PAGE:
Biography

Jump to: Overview (3) | Mini Bio (2) | Spouse (2) | Trivia (6) | Personal Quotes (1)

Overview (3)

Date of Birth 16 June 1922Sioux City, Iowa, USA
Date of Death 18 April 2004Paso Robles, California, USA  (natural causes)
Birth NameFrances Anne Rafferty

Mini Bio (2)

A pouty-lipped glamour girl in "B" films during the 1940s, actress Frances Rafferty did a complete role reversal and turned wholesome housewife on TV into the next decade.

Born on June 16, 1922 in Sioux City, Iowa, Frances Anne Rafferty and her family, during the Depression era, moved to Los Angeles in search of work. Interested in the arts while growing up, she won a scholarship to the Edith Jane Dancing School the next year and attended UCLA following her high school graduation, but dropped out when she nabbed an understudy position for dancer Vera Zorina in the film I Was an Adventuress (1940), choreographed by the legendary George Balanchine.

A severe leg injury suffered after falling during a performance of "The Firebird" at the Hollywood Bowl changed her focus from dance to acting. Coached by the renowned teachers Maria Ouspenskaya, Frances was signed by MGM at the age of 19 and began with a dancing bit in Presenting Lily Mars (1943) starring Judy Garland. Other parts in The War Against Mrs. Hadley (1942), Barbary Coast Gent (1944) and Mrs. Parkington (1944) added to her film credits. Her almond-shaped eyes gave this beauty a slightly exotic look and she capitalized on it in her best movie performance Dragon Seed (1944) as the ill-fated Oriental girl who is raped and subsequently murdered. Her skills as a dancer also showed up in the film comedy Bud Abbott and Lou Costello in Hollywood (1945), in which she dances in the elaborate "On the Midway" number.

Unable to secure major starring parts in "A" pictures, Frances remained an able "B"-level co-star with postwar roles in Bad Bascomb (1946), Lost Honeymoon (1947), Curley (1947) and An Old-Fashioned Girl (1949). None did anything to further her career.

A marriage to John Harlan in 1944 lasted only three years. In 1948 she married Thomas R. Baker, an Air Force colonel who later became general manager for the Los Alamitos Racetrack. They had two children, Bridget and Kevin. Following a role in The Shanghai Story (1954), Frances began setting her sights realistically on TV. A friendship with comedienne Lucille Ball helped Frances earn the co-starring role of "Ruth Henshaw", the daughter of Spring Byington, in the highly popular Desilu sitcom December Bride (1954), a role for which she is probably best known. When Harry Morgan, who played "Pete Porter" on the show, spun his character into the subsequent series Pete and Gladys (1960), Frances was brought on board to play Nancy, a next-door-neighbor. The show, which co-starred Cara Williams as Gladys, was short-lived, lasting only one season.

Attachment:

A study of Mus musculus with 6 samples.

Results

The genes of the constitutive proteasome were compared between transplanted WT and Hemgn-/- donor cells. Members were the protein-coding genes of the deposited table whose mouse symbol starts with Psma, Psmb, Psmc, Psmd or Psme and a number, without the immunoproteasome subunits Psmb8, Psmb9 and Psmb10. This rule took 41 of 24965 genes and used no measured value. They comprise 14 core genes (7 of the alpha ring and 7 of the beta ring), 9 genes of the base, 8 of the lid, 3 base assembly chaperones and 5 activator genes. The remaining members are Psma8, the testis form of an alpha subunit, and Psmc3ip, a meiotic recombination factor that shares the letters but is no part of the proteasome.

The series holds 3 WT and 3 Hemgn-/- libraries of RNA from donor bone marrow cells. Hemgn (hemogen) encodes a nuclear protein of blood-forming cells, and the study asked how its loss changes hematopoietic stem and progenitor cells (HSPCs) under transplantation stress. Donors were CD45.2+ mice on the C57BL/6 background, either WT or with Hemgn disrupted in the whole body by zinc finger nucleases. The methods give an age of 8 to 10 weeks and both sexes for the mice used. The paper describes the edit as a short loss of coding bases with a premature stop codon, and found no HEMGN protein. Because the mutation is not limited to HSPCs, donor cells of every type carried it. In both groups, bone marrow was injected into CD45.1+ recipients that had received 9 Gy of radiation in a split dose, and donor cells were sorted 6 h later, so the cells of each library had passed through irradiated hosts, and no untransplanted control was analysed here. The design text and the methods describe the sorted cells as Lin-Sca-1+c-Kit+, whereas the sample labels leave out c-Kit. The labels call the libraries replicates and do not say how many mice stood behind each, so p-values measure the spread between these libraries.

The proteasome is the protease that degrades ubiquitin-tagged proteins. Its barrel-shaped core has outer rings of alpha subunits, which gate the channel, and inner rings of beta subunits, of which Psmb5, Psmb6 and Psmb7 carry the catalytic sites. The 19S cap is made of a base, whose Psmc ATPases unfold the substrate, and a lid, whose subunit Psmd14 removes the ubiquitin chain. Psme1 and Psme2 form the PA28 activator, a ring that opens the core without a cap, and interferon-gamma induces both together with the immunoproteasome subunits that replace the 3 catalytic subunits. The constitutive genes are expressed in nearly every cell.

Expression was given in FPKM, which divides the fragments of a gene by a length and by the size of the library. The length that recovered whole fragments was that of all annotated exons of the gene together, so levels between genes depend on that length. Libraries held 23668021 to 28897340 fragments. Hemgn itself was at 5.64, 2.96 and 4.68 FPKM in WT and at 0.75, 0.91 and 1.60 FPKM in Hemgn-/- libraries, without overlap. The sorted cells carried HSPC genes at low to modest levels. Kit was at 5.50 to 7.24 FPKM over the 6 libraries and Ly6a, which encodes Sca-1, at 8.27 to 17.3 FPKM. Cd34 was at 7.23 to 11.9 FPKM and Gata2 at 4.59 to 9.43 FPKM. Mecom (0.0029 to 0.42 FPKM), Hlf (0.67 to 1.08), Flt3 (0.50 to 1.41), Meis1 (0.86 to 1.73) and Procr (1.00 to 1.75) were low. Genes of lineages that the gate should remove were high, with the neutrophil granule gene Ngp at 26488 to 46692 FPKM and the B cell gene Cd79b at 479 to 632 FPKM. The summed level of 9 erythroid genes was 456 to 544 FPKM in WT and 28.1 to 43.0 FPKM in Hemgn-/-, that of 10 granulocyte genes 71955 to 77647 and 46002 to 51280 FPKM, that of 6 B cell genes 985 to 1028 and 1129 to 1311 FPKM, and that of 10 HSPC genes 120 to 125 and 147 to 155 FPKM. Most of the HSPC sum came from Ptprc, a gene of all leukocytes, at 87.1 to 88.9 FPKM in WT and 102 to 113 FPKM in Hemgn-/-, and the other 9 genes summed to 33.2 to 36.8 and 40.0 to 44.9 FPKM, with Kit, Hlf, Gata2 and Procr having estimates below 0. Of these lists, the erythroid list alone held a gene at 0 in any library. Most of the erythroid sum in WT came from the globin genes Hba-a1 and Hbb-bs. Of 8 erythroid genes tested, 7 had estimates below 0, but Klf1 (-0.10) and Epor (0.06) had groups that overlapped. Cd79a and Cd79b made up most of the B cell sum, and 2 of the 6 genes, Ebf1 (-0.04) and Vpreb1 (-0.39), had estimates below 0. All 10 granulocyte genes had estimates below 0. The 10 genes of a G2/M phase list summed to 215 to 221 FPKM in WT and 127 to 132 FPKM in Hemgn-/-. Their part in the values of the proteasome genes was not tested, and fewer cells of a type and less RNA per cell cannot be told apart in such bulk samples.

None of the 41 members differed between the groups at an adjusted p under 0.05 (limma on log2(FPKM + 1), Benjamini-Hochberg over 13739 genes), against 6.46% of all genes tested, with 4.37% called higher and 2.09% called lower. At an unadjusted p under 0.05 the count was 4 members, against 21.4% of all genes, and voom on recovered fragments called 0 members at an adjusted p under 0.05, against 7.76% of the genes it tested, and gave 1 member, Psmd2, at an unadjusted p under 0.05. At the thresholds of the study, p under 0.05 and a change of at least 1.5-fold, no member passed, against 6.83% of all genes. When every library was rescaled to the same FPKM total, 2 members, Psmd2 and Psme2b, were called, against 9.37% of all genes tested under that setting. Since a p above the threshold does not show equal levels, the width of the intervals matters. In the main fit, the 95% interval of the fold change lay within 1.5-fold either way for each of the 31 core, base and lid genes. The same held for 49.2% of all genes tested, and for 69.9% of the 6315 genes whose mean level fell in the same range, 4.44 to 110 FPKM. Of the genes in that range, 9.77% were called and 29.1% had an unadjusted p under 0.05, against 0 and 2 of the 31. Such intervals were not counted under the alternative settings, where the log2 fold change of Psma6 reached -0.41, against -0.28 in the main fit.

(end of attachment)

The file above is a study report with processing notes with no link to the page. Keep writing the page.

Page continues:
Frances quietly semi-retired after the show's demise with just a handful of TV performances coming her way, then disappeared altogether. She later raised quarter horses with her husband in California for a time. She died in 2004 of natural causes at age 81 in Paso Robles, where she helped form a local acting group called the "Pioneer Players".

- IMDb Mini Biography By: Gary Brumburgh / gr-home@pacbell.net

Her two children are Briget and Kevin and she also has a grandson, Michael. She lived in Paso Robles in the 1960s and was instrumental in forming a local acting group "Pioneer Players" which she directed for many years. She later moved back to Los Angeles and then to Colorado before returning to Paso Robles. She received two Emmy nominations during her career.

- IMDb Mini Biography By: T. Santos

Spouse (2)

Thomas R. Baker (9 October 1948 - 18 April 2004) (her death) (2 children)
John Harlan (30 August 1944 - 18 February 1947) (divorced)

Trivia (6)

Met actress Alexis Smith as a dance student at age 10 and they remained lifelong friends. It was Smith who suggested Frances try acting after a knee injury ended her promising dance career. Frances was at Smith's bedside when she died of cancer in 1993.
Was a war-era cover girl for "Yank, the Army Weekly" a couple of times.
Had a daughter and son with second husband Thomas Baker, whom she was introduced to by actress/dancer Peggy Ryan.
Lucille Ball, who remembered Frances from their MGM days, was instrumental in casting her in the December Bride (1954) series, which was produced by Ball's company, Desilu.
She was a staunch Republican and conservative.
Upon her death, her remains were donated to medical science.

Personal Quotes (1)

I've completely forgotten the craft of acting. It was all great fun, but retirement is even nicer. I never had any ambition other than to keep working as long as I had to.